COA AND CONSERVATION
Land Mollusks in danger
There are many species
of land snails currently listed as endangered, threatened or
extinct. Many of these species were adapted to very specific
living conditions which were destroyed or irreparably damaged
This kind of tragedy can be seen
on the Hawaiian Islands. At one time they were inhabited by
of the most diverse native land snail faunas in the world. Over
99% of the described species were endemic to these islands.
Unfortunately, most, if not all, of these unique snails are
now either extinct or endangered.
Another example is the endangered
Stock Island Tree Snail, Orthalicus reses reses. This
snail's historic range included Stock Island and Key West, Florida.
The population was so reduced by habitat destruction that it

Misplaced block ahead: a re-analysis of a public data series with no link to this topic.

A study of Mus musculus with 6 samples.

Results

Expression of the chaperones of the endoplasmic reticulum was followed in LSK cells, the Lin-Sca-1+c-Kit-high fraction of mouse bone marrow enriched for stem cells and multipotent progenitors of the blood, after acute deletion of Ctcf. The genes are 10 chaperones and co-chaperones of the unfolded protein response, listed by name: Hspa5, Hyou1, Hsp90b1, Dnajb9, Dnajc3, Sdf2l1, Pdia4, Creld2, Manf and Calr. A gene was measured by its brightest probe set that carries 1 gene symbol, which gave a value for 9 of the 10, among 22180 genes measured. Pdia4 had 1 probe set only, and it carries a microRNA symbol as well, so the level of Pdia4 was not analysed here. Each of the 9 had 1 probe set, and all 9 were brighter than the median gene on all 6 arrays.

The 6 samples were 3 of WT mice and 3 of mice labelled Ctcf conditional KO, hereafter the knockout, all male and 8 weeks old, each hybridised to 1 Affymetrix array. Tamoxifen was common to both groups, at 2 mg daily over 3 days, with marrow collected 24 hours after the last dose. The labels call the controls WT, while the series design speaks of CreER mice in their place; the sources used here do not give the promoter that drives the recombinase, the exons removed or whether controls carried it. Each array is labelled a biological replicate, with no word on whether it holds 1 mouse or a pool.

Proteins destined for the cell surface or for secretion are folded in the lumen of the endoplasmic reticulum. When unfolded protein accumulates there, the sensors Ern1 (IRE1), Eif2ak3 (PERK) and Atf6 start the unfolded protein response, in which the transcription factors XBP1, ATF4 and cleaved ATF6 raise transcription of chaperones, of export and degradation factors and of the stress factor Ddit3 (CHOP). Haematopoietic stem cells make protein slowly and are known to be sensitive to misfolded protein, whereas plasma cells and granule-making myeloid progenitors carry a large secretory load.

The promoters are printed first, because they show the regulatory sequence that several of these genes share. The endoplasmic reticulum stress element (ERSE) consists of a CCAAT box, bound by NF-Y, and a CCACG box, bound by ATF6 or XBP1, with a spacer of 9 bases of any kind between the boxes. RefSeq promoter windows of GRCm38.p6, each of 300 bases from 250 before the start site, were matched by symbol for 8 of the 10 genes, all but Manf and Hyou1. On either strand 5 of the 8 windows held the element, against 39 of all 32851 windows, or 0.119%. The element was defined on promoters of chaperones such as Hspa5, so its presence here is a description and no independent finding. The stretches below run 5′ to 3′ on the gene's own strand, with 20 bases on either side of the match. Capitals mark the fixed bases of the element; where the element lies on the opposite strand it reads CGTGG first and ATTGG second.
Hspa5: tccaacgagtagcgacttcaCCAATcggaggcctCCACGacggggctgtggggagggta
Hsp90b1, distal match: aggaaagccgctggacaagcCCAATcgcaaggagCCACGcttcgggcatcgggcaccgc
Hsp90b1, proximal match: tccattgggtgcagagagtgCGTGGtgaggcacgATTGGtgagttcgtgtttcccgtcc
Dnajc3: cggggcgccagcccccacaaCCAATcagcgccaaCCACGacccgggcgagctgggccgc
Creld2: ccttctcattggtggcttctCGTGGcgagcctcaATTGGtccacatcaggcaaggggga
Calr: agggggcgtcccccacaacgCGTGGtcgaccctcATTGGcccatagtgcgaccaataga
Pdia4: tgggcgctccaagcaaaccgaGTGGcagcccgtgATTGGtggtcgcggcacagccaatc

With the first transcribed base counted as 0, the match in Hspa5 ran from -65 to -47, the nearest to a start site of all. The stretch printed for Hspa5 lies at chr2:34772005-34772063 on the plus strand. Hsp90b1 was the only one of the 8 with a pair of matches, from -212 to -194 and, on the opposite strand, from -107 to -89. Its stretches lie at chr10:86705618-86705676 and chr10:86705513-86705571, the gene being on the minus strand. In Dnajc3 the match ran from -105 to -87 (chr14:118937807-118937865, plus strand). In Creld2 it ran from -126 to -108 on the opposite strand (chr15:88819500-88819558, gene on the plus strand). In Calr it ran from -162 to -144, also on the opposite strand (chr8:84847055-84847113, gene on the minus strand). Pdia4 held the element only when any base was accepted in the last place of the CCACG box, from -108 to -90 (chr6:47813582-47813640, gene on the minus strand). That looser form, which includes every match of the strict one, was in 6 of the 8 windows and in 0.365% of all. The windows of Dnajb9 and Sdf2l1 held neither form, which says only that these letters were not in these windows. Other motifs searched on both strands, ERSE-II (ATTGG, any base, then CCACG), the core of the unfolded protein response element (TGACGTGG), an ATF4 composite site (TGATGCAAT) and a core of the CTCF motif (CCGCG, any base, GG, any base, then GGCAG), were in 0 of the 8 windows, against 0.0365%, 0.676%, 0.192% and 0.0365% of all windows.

was listed as threatened in 1978. Current surveys have been
unable to locate any individuals in its historic range. A current
collaborative project between the Florida Game and Fresh Water
Fish Commission, Stock Island Golf Course, Key West Botanical
Gardens, the U.S. Navy, and the U.S. Fish and Wildlife Service
is trying to reestablish this unique mollusk into part of its
historical range in 1996.
Endangered land snails don't
all live on islands. The Iowa Pleistocene Snail, Discus macclintocki,
was listed as an endangered species in 1978. These snails live
on the algific talus slopes of hills in Iowa and Illinois. There
are only about 30 such sites left due to climate change and
habitat alteration. The U.S. Fish and Wildlife Service, state,
county, private conservation agencies and private landowners
are all currently working to preserve the snail and its habitat.